French news website, Mediapart, reported on Wednesday that it had accessed an internal document from aerospace firm Dassault, which stated that partnering Anil Ambani’s defence firm was a quid pro quo to New Delhi for winning a Euro 7.8 billion contract to supply 36 Rafale fighters to the Indian Air Force (IAF).
The French website report states: “Mediapart has obtained a Dassault company document in which a senior executive is quoted as saying the group accepted to work with Reliance as an “imperative and obligatory” condition for securing the fighter contract.” The executive is identified in the Mediapartreport as Loik Segalen, a senior member of the company’s aviation group, from whom the document originated on May 11, 2017."
The joint venture referred to was Dassault Reliance Aerospace (DRAL), which Anil Ambani’s Reliance Group had formed with Dassault, with the former holding 51 per cent and the latter 49 per cent of the equity. DRAL was set up just days before Prime Minister Narendra Modi and then-President François Hollande made the shock announcement in Paris, on April 10, 2015, that the IAF would buy 36 fully-built Rafale fighters from Dassault.
Opposition parties in India have charged the National Democratic Alliance (NDA) government with “crony capitalism” — alleging that government pressure was put on Paris to discharge offset obligations — worth 50 per cent of the value of the contract, or Euro 3.9 billion — through DRAL.
This was endorsed by former French President Hollande, who told Mediapart on September 22 that the Indian government had left Paris with no choice but to do business with DRAL.
Asked by French news website, Mediapart, “Who selected Reliance as a partner and why?” Hollande responded: “It was the Indian government who proposed this service group (Reliance Group), and Dassault who negotiated with Ambani. We did not have a choice, we took the interlocutor who was given to us.”
Hollande was France’s president in April 2015, and he hosted Prime Minister Modi in Paris when the latter publicly announced his decision to buy 36 Rafales from Dassault in “flyaway” (or fully built) condition.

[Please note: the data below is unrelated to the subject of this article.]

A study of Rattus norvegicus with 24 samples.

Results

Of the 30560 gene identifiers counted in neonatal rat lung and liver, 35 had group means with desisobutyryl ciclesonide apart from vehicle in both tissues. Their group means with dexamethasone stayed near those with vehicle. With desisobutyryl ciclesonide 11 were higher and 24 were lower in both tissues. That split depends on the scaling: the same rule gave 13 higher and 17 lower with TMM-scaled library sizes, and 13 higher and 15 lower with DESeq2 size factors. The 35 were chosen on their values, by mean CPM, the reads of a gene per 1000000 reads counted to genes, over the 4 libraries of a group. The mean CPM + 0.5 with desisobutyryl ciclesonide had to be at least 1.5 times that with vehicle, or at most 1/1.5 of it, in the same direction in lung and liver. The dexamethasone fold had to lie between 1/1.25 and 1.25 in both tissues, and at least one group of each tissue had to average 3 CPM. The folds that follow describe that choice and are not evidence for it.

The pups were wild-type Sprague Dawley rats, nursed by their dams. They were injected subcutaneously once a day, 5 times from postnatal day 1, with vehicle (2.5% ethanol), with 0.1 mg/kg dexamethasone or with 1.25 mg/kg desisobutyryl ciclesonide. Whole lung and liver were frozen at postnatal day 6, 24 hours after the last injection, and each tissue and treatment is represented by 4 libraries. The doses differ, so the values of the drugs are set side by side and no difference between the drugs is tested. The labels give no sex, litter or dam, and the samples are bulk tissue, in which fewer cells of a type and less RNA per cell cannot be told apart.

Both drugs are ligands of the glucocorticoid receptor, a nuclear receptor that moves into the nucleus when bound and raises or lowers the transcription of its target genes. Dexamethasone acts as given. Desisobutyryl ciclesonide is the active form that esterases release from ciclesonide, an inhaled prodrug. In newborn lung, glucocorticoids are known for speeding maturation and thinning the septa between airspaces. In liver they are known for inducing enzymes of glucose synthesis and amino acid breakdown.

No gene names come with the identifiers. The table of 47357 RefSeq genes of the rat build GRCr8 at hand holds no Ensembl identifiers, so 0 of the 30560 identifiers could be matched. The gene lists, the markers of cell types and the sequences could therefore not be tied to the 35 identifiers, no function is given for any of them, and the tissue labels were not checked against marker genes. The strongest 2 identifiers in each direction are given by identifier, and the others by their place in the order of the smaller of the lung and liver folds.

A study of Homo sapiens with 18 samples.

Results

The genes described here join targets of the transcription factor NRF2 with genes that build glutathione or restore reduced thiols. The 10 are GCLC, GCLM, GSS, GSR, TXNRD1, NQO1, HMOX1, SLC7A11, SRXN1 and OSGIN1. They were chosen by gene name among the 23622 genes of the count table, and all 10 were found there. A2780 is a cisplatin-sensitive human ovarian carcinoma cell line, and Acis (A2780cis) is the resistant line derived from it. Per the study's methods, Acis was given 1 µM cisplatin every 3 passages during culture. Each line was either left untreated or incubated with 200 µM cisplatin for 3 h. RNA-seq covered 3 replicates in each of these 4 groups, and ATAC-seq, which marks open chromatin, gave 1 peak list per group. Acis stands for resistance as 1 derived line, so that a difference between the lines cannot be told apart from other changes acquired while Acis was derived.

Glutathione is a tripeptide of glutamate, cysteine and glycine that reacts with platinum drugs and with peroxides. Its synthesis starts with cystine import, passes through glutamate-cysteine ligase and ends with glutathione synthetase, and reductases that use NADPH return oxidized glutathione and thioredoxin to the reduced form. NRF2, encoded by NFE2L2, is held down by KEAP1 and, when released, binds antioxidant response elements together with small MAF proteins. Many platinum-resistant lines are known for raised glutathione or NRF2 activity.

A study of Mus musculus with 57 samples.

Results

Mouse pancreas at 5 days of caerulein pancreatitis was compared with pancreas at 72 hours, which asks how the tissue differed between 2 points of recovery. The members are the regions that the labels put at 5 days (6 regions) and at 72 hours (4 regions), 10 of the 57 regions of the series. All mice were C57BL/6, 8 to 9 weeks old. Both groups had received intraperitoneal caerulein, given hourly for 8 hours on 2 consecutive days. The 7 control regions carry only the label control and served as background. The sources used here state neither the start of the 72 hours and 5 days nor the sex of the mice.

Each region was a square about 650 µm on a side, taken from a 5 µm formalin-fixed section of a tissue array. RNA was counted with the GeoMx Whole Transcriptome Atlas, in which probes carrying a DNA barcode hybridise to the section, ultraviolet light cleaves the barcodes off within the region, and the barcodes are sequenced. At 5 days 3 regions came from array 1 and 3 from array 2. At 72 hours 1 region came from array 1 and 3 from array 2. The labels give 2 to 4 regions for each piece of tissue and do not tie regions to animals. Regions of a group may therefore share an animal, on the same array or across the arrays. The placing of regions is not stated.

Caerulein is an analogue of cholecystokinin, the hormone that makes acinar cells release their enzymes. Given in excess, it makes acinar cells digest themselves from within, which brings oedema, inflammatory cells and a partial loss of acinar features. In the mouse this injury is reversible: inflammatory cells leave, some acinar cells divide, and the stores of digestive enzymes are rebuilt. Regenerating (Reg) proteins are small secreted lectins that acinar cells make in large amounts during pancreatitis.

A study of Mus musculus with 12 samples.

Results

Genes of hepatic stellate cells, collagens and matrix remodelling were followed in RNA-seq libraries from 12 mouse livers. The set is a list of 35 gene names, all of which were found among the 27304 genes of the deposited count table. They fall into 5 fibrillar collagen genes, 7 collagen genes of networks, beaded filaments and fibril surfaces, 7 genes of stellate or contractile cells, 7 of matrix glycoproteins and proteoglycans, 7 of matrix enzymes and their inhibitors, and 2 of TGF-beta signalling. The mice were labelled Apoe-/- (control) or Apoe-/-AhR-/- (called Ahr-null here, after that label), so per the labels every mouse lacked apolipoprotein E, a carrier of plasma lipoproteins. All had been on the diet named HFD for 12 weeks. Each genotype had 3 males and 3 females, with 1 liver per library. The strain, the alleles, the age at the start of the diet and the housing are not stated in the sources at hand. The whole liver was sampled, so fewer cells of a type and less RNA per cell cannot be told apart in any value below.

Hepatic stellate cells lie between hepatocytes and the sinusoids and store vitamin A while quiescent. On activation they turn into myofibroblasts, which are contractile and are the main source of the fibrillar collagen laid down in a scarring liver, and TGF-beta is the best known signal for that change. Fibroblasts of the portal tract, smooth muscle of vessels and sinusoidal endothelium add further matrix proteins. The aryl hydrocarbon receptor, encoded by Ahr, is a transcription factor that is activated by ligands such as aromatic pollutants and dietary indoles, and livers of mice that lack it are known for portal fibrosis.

Paris and Dassault have issued statements indicating that the decision to partner Ambani was taken by them. But none of those carefully worded statements directly contradict Hollande’s explicit allegation.
Now the Dassault document reported by Mediapart reinforces Hollande’s words.
Meanwhile, Dassault issued a denial in which it admitted the role of Loik Segalan, the Dassault manager who made the statement.
The statement read: "Within the framework of the September 2016 Inter-Government Agreement between France and India, Dassault Aviation has sold 36 Rafale aircraft to India. In compliance with the Indian regulations (Defence Procurement Procedure) and as frequent with such a contract, Dassault Aviation has committed to offsets in India worth 50 per cent of the value of the purchase.
In order to deliver some of these offsets, Dassault Aviation has decided to create a joint venture. Dassault Aviation has freely chosen to make a partnership with India’s Reliance Group. This joint venture, Dassault Reliance Aerospace Ltd (DRAL), was created February 10, 2017. Other partnerships have been signed with other companies such as BTSL, DEFSYS, Kinetic, Mahindra, Maini, SAMTEL. Other negotiations are ongoing with a hundred-odd other potential partners."
"In compliance with French regulations, Chief Operating Officer Loïk Segalen informed, May 11, 2017, the Central Works Council of the creation of the DRAL joint-venture in order to fulfil some of the offsets commitment," it added.The Rafale deal has come under concerted attack from the Opposition parties, which have charged the Modi government with paying an inflated price for 36 Rafales; with endangering national security by cancelling an ongoing tender for 126 Rafales; and with “crony capitalism” in selecting the Reliance Group as a partner to Dassault.
Anil Ambani has not denied benefitting from Rafale-linked offsets. However, the Reliance Group – in a series of legal injunctions issued to various media houses — has claimed that it benefited only from ^778 million worth of business, not Euro 3.9 billion.
While all 36 Rafale fighters are being manufactured in France, an offset requirement, which is a part of all Indian defence procurements worth more than Rs 20 billion, requires French companies that build the Rafale — Dassault, Thales, Safran Aero Engines, and MBDA — to plough back 50 per cent of the contract value into Indian defence production.